The downward trajectory in Australia’s electricity sector emissions, achieved before and during the brief existence of the carbon pricing scheme, has effectively been reversed under the Abbott government, a new report has found, as the nation’s coal-fired generators power up to meet increasing consumer demand.
The latest Cedex report from carbon emissions analysts pitt&sherry has also confirmed that the “historically unprecedented” era of falling electricity demand seems, after four-and-a-half years, to be coming to an end, under a government that has done little to encourage energy efficiency, and even less to support the addition of renewable generation capacity.
According to the report, released on Monday, total electricity emissions in the NEM increased by 6.4 Mt CO2-e – or 4.3 per cent, and a little over 1 per cent of total national emissions – in the year to June 30 2015, compared with the year to June 2014.
As the report notes, and the table below illustrates clearly, the latest Cedex data reinforces what it has been reporting for most of its three years of emissions updates: “that the carbon price had very little direct effect on demand for electricity, but a very big effect on emissions from the generators supplying demand.”
And now, the removal of the carbon price – it was abolished by the Abbott government almost exactly a year ago – is one of the factors supporting a return to increasing electricity demand; particularly, as you can see in the second graph, from black and brown coal generators.
According to the report, the black coal share of total sent out generation increased by 1.1 percentage points to 51.5 per cent and the share of brown coal by 2.1 percentage points to 24.3 per cent. The total coal share in the year to June 2015 was 75.8 per cent, well above its share of 72.7 per cent in the year to June 2014, but below the 78.1 per cent level in the year to June 2012, on the eve of the carbon price.
As the graph shows, and the report notes, the emissions reduction during the carbon price period was mainly due to hydro generation replacing brown coal generation – a trend that was driven by the commercial strategies of Hydro Tasmania and Snowy Hydro.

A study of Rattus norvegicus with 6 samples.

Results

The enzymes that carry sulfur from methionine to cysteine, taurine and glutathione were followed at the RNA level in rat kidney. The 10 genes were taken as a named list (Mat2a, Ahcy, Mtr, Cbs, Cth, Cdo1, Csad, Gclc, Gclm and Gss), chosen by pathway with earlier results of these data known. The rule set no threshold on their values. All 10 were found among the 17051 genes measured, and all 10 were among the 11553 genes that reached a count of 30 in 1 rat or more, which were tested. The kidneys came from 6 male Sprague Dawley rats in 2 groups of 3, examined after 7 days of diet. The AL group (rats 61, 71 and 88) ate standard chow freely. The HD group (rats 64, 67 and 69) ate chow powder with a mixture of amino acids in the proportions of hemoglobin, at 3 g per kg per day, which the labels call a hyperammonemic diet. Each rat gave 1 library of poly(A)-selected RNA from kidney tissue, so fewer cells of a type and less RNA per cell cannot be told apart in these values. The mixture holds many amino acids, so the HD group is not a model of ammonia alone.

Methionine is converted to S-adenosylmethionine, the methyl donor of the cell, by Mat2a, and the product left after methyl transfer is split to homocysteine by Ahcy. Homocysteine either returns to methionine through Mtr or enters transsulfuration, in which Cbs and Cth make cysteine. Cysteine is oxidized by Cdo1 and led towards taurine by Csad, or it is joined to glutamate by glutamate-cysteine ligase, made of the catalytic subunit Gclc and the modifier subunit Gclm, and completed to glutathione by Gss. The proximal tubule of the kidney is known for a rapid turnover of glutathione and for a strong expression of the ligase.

But over the next year, the report says, coal seems certain to increase its share at the expense of gas, while wind generation “will inevitably stagnate” due to the lack of new construction over the past two years, due to extended policy uncertainty.
Over the past 12 months, it says, the share of gas generation fell slightly, to 11.9 per cent, and seems almost certain to fall further. Hydro, meanwhile, fell very significantly over the past year, while wind generation increased steadily by 0.5 percentage points, to 5.4 per cent.
Meanwhile, general business and residential electricity demand in each of Queensland, NSW and Victoria, was higher in 2014-15 than in 2013-14, after falling in each of the previous four years in succession, the data shows (see chart 3, below).
“These figures understate the rebound in what AEMO calls “underlying consumption” of electricity, because they do not include electricity supplied by embedded generation, most particularly rooftop PV,” the report notes.
“When these figures are added to demand supplied through the NEM, the turnaround in the total quantity of electricity being used by general business and residential consumers becomes sharper. According to AEMO’s figures, underlying consumption in the NEM fell by five years in a row, from 2009-10 to 2013-14, the last year by 2.1 per cent, but in 2014-15 is estimated by AEMO to have increased by 1.4 per cent.
“AEMO expects the new trend of slow growth in this demand to continue,” says the report, “and we see no reason to disagree with this assessment.”
This demand growth, the report adds, will likely provide a further stimulus to coal generation – in particular, black coal-fired generation in NSW.
“In summary, therefore, it seems as if the historically unprecedented era of falling electricity demand is, having lasted for four and a half years, now coming to an end,” the report concludes.